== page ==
Question: My wife and I have just had our first child. We have been besieged by calls from insurance agents urging us to buy a policy for the baby -- but I have read that this isn't such a good idea. What do you think ?
Answer: I agree with what you have read; insurance on a young child doesn't make much economic sense.
Although many other reasons are often cited, the basic purpose of life insurance is the protection of survivors against financial loss resulting from the death of the person insured. This need doesn't normally exist in the case of a child.
Funeral expenses are not catastrophic in amount and can usually be handled by a family without serious problem. Most of the costs faced following the death of a child are usually associated with medical expenses -- so you should be sure that your medical/hospital insurance is adequate.
It makes more sense to spend the premium money on additional life insurance for the family breadwinners. If your wife is a homemaker and not employed outside the home, she should be covered with a good-sized policy. Unless you have family members who can take over the burden of looking after the child (and your needs as well) in the event of the death of your wife, you will be faced with substantial expenses for home and child care.
About the only good thing about juvenile insurance for most people is the opportunity to purchase a guaranteed insurability rider. (This can't be bought alone -- it is sold only as collateral coverage in conjunction with a life policy.)
This rider guarantees to the child the right to buy additional amounts of insurance at specified times in later life regardless of the state of his or her health at that time. This means that the child will be able to buy life insurance at standard rates even if a medical impairment develops. [Text omitted from source] ing insurance at standard rates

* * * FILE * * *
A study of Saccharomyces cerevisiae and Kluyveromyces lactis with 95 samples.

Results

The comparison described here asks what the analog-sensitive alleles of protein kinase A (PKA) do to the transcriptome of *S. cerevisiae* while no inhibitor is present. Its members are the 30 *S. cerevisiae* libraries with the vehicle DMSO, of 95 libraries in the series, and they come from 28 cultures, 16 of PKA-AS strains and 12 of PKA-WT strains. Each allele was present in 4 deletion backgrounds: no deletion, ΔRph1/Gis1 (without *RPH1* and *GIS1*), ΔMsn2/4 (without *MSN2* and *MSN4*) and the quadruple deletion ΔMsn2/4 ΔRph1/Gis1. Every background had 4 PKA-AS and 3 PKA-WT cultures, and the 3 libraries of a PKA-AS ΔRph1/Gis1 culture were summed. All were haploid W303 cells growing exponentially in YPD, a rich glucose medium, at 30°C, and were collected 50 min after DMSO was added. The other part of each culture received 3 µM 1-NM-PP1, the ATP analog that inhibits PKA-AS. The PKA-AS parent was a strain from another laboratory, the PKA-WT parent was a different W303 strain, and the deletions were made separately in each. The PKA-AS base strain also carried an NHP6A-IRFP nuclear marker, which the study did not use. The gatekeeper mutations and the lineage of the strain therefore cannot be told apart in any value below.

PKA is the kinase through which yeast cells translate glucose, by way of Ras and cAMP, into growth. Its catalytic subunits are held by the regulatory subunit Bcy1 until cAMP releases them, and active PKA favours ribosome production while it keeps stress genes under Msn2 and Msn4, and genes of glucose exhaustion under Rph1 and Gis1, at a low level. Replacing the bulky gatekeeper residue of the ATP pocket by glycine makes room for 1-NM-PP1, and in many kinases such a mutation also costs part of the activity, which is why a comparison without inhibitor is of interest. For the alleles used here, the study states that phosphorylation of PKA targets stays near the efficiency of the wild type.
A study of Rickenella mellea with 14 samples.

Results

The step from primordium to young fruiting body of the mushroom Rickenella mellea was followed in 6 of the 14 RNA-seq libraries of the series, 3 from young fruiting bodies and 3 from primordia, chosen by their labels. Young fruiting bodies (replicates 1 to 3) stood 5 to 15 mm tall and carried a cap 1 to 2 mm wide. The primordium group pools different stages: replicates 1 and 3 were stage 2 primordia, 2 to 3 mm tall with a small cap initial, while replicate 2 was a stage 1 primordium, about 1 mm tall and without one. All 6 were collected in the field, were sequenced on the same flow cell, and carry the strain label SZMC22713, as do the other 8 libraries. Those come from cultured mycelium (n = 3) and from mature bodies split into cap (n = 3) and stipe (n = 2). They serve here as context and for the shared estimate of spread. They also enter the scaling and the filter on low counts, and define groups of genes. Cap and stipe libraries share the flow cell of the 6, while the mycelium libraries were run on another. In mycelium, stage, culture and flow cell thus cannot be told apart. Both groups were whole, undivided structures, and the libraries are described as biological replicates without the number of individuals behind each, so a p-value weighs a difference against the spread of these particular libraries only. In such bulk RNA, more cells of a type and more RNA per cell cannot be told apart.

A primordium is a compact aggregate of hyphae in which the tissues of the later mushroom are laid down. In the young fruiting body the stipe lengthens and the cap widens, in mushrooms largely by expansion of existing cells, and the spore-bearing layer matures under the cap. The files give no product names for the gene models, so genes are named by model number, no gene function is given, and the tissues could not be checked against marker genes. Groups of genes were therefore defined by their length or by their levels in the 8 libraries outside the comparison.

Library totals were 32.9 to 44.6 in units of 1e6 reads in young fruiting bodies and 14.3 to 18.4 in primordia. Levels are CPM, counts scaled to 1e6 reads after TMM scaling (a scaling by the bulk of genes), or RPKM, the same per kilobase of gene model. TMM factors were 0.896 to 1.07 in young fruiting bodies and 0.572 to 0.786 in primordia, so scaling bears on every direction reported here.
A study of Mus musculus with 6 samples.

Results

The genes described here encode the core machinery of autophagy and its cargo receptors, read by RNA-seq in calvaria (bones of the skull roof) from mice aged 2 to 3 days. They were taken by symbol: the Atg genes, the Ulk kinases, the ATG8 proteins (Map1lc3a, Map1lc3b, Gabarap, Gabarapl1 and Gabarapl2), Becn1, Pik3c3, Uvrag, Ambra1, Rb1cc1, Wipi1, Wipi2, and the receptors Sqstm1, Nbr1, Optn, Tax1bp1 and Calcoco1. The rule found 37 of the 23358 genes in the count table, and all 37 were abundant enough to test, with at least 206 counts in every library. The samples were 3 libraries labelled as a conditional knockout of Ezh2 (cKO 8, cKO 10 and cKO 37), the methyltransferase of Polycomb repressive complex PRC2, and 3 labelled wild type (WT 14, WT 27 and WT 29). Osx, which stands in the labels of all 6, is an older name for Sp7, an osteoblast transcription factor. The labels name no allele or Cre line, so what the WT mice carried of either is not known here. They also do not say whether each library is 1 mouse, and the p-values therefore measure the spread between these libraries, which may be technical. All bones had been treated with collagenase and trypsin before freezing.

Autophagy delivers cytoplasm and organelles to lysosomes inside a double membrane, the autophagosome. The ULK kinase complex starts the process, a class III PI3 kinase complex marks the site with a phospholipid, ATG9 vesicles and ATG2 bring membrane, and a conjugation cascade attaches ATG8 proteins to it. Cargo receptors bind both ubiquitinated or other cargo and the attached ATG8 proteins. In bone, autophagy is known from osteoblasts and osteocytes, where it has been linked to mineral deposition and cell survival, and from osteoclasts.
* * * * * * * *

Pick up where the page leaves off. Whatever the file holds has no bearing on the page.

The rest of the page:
But surveys have shown that the vast majority of people in their 20s and 30s have no trouble buy-anyway -- so even this protection will usually prove to have been unnecessary.
Q: Is the IRS going to do anything about the increased cost of operating a car? I'm a salesman and put a lot of business mileage on my car; the present mileage rate of 17 cents a mile isn't very realistic .
A: Great timing -- your letter arrived the same day as a news release from the IRS announcing an increase in the basic rate.
The new rule (for 1979 tax returns) for business use of an auto allows 18.5 cents a mile for the first 15,000 miles. But the old rate of 10 cents for each mile in excess of 15,000 (or for a car that has been fully depreciated) remains unchanged.
For charitable, medical, and moving expense deductions the rate has been increased from the old seven cents to eight cents a mile.
These increases seem hardly adequate, considering the rise in the cost of gasoline over the past 12 months. Remember that you still have the option of deducting actual expenses instead of using the standard rate; but if you choose to go this route, you must maintain adequate records -- and the computations on your tax return will be more complex.
Whichever way you go, keep in mind that you can deduct parking fees and highway tolls in addition to either the standard rate or operating costs -- but again you have to keep a log of these expenses as they occur.
In a letter to the Post recently (Oct. 10) a reader complained that he couldn't understand the rationale for the difference between the business rate and the amount allowed for charitable work.
The difference is a logical extension of the kinds of deductions authorized in each case. Maintenance and depreciation on machinery and equipment including autos) used in business is an acknowledged deductible expense of the business. The 18.5 cents figure is intended to be equivalent to average per-mile costs including those elements.
When accounting for personal services rendered to charitable organization, a taxpayer is permitted to claim (as a charitable deduction) only out-of-pocket expenses. Thus the eight cents is equated with the actual cost of gas and oil for operating your car, and excludes any allowance for repairs, maintenance, and depreciation.